Tea party revived at Lake Rita Blanca
By Robin Scott
Linda Srader is proof that one person can motivate others into action. Linda is a small business owner and fears that new taxation will affect her business. She has owned and operated Scissors Palace located at 214 W. 4th Street since 1985, and has held her beautician’s license for 42 years. Linda decided to take a stand on April 15th, a day that is commonly referred to as “Tax Day.” Her decision to take a stand quickly spread and by 1:00 p.m. on the 15th, she and about 30 other frustrated American citizens took a stand.
The stand taken was to publicly declare, “No more taxation without representation.” A phrase long embedded in American history and one that conjures up visionsof the Sons of Liberty leaving their horses on the shore as they boarded three ships in the Boston Harbor and angrily dumped hundreds of pounds of tea overboard.
The event occurred on December 16, 1773 and became known as the Boston Tea Party, a protest by colonists in the British Colony of Massachusetts that was held against the British Government. The protest was over the Tea Act, which added a new tax to a long list of taxes that the colonists were expected to pay to Britain. In protest of the new tax, the Governor of Massachusetts refused to allow three ships to dock in the Boston Harbor. The ships were loaded with crates of tea. A group of colonists boarded the three ships and dumped hundreds of crates of tea into the water. The Boston Tea Party has come to symbolize America’s distrust of big government.
The Boston Tea Party was a key event in the growth of the American Revolution and the analogy in today’s society is that any changes in taxation by the Obama Administration is equally abhorent as the Tea Tax of 1773. Displeasure with the “bail-out” attitude of the past and present administrations and news of tax changes lead to Wednesday’s decision to hold a modern day “Tea Party” at Lake Rita Blanca.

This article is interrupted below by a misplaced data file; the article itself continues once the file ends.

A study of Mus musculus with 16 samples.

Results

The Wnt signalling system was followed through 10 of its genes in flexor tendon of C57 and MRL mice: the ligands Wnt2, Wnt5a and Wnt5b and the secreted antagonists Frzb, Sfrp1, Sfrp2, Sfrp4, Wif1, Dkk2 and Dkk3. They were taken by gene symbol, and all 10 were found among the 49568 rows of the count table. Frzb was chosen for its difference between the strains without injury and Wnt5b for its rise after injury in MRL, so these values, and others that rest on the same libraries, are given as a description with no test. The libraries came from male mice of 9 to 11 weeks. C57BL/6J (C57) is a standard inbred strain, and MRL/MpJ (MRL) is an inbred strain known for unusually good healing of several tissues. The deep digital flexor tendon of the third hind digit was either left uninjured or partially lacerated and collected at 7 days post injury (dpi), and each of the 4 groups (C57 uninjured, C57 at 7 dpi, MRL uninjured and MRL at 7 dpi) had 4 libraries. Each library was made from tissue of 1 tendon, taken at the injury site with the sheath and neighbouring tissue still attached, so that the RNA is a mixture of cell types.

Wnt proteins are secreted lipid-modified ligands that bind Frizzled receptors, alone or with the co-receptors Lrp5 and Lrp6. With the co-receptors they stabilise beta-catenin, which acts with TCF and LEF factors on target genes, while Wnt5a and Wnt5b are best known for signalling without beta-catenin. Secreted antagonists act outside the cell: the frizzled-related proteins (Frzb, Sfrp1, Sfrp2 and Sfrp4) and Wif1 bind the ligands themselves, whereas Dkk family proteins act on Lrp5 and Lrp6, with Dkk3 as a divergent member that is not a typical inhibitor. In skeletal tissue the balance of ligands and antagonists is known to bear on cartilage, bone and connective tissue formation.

Some see the Tea Parties of 2009 as revolutionary and others have dubbed them “Tea Tantrums.” The deciding factor seemed to turn on whether or not any changes to taxation is perceived to affect an individual or business directly. The most obvious complaint about Wednesday’s protestors was that the President of the United States does not enact laws. The legislative branch of government has that power. The whole purpose behind checks and balances is to ensure that no one person ever has an opportunity to become so powerful as to usurp the voice of the people. The voice that is heard via the Congress. If a person in a particular area or region is unhappy with what comes out of Washington D.C. their remedy is to elect a diffferent congressional representative or senator, who votes on behalf of their constituents.
Those who protested on Wednesday had their own perspective, that ranged from wondering when the bail-outs will end to feeling as though taxes are already inappropriately utilized and that any more changes would likely travel the same slipperly slope into an abyss of confusion and frustration.
Proudly present at Wednesday’s afternoon Tea Party were Linda and Ron Srader, Mayor Kevin Caddell, Sheriff Bruce Scott, Judge Rita Little, Tim Dailey, Gary Heiskell, Cari Stanley, Troy and Katheen Lysford, Mrs. J.C. Phillips, Dee-Dee Bell, Kenda Srader McKay, Todd and Linda Koelzer, Lorene Ballew, Wanda Haaland, Bill Raney, Gari Casaus, Wayne and Merri Brown, Lu Grice, Bertha Harris and the youngest protestor, four-year old Trendi Howell. Together, each person dumped tea in the lake, a symbolic gesture that stated, “Quit bailing out those who mismanage their businesses and expecting my taxes to pay for it.” As the protest ended and everyone began to walk away from the lake, Lorene Ballew sang “God Bless America,” which was an exclamation point at the close of a galient demonstration.